The New York Times reports on the controversial welcome letter from Dean of Students Jay Ellison to the University of Chicago’s incoming freshmen.
In the letter, the Dean reminds freshmen that the university is committed to free speech and that as such, it does not support “trigger warnings,” the cancellation of invited speakers discussing controversial topics, and the creation of safe spaces where “individuals can retreat from ideas and perspectives at odds with their own.” (See text of letter here).
At a time when campus protests are thought to have led to decreased giving from alums, some voices have ventured that the University of Chicago wrote the letter in order to keep older, more conservative donors happy.
Over the past couple of years, as campus protests have been spreading, the University of Chicago has been building up a long list of public letters and statements affirming its commitment to free speech.
Among these is a Report of the Committee on Freedom of Expression released in early 2015. The Committee was appointed in 2014 “in light of recent events nationwide that have tested institutional commitments to free and open discourse.” Among its conclusions, it states that “it is not the proper role of the University to attempt to shield individuals from ideas and opinions they find unwelcome.”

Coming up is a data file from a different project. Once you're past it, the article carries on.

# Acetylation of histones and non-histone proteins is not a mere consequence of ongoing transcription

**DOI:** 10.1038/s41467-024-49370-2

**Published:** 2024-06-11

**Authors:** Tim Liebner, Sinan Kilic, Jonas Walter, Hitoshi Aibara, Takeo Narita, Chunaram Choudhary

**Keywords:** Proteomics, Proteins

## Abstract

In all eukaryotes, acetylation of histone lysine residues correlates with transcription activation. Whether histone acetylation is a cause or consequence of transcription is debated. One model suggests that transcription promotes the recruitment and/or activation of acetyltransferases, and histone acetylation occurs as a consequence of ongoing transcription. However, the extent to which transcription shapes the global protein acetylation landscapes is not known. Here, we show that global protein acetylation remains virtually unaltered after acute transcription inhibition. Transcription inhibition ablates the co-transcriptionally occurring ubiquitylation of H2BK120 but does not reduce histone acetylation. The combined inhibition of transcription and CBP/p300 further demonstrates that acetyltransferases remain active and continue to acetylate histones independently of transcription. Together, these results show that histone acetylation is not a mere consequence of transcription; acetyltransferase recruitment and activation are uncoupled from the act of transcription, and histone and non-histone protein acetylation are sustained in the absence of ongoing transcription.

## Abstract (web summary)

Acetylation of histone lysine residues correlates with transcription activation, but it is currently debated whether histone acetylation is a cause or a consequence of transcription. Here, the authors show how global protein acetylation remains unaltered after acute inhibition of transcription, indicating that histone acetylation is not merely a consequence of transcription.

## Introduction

The University of Chicago’s public record on free speech has caused Jonathan Haidt, who claims that “most people are horrified by what’s going on in the universities,” to say that “Chicago is my main hope. The University of Chicago might be able to devote itself to truth.”
Peter Wood is not as optimistic. He argues that the University of Chicago’s statement on free speech is at best “half a loaf,” since the University exalts freedom of speech while leaving out other key values such as the pursuit of truth. He adds that the University, by treating freedom of expression as an end in itself, has opened the way for some of the forces responsible for the situation on many campuses today.
Dean Ellison’s welcome letter to freshmen certainly follows the University’s tradition of jealously defending free speech. It remains to be seen how the University of Chicago will influence broader conversations in the American academy.